World War I: Overview
On 28 July Austria-Hungary declared war on Serbia. By 4 August Germany and Austria-Hungary (the Central Powers) were at war with Russia, France and Britain (the Allies). Generals in all countries were desperate to mobilize their troops; that is, to get them moving towards the frontier with the enemy. Rapid mobilization reduced the time available for discussion and negotiation to virtually nothing.
Stalemate in the West
Each side expected the war to be short-lived. The German plan was for a quick knock-out blow against France. This nearly worked. The German army swept through Belgium and northern France. The German advance was finally stopped by the French army on the River Marne, not far from Paris . The Germans were driven back little and a front-line was established. This front-line did not change very much for the following three years.
Attempts to break the stalemate led to enormous casualties. In 1916 the Germans tried to break through at the Battle of Verdun. They failed but in the fighting, that went on between February and July there were about a million casualties.
In the same year the British attacked on the River Somme. On the first day of the Battle of the Somme, 60,000 British troops were killed but the outcome was indecisive. In 1917 Britain once again tried to break through the German lines at a place called Passchendaele; there were half a million casualties. The result of this enormous suffering was that the British line moved forward only four miles.
Once the fighting had led to stalemate, the leaders had no idea how to end the war without losing face. Both sides looked for new allies to break the deadlock. Italy and Romania joined the Allied side and Bulgaria joined with the Central Powers. These new combatants did not end the war; quite the opposite. Each new player wanted some of the profits of war and was ready to fight until it got a 'fair share'.
The naval war and the Americans
There was no decisive victory in the war at sea. The only major naval battle took place in the North Sea in 1916 at the Battle of Jutland. Neither the British nor the German fleet was destroyed but afterwards the German fleet retired to port and did not venture out for the rest of the war.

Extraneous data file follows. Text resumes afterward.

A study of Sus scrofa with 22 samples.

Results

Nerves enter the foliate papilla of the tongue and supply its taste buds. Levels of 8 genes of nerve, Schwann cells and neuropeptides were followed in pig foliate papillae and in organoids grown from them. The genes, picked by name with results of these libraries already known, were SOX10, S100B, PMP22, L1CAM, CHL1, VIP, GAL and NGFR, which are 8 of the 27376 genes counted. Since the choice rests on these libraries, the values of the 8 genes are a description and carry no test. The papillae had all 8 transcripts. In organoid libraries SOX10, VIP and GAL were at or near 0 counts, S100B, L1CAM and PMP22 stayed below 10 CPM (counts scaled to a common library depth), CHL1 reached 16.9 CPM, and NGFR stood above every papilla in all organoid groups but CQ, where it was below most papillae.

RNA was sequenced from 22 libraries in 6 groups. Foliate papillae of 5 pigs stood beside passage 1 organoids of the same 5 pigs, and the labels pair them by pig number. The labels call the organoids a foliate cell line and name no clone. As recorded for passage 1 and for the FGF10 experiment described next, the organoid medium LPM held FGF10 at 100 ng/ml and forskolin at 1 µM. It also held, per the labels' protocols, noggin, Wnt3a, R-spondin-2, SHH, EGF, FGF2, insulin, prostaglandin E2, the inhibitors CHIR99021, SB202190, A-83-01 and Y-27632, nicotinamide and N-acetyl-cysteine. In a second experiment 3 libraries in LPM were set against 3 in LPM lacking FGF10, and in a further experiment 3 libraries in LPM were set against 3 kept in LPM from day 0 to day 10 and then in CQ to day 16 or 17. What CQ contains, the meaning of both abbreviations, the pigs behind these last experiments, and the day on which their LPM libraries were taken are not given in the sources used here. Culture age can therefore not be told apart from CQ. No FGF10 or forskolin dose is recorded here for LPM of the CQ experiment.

Unable to destroy the British navy, Germany turned to submarine warfare. The German submarines were known as U-boats. They attacked British shipping in order to try to cut off vital supplies.
The U-boat campaign helped to bring America into the war on the side of Britain and France. By 1917 U-boats were trying to sink any ship that might be trading with Britain. This involved attacks on American ships. The American government responded by declaring war on Germany in April 1917. The power and wealth of the USA greatly strengthened the position of the Allies.
While the USA entered the war on the Western Front, Russia was being defeated in the east. The war had been going badly for the Russians for some time. Revolution in Russia in 1917 led to a collapse of the Russian war effort and withdrawal from the war.
Faced with total defeat, the new communist rulers of Russia agreed to all the German demands and signed the Treaty of Brest-Litovsk in March 1918. Under this peace treaty Germany dealt very harshly with Russia, taking control of huge areas of Russian territory.
German defeat and the armistice
Meanwhile, on the Western Front it took time for the American army to make a full contribution to the fighting. In March 1918 the Germans launched their last major offensive in the west. They tried to smash through to Paris before American reinforcements arrived in great force. After some successes the German attack petered out.
By August 1918 the American reinforcements were in place and the allied forces were ready for a huge counter-attack. With the help of tanks the Allies made a decisive breakthrough. The German generals decided that they were about to be defeated and the German government asked the American President Wilson for peace. There was an agreement to stop fighting on 11 November 1918. This agreement was called the Armistice.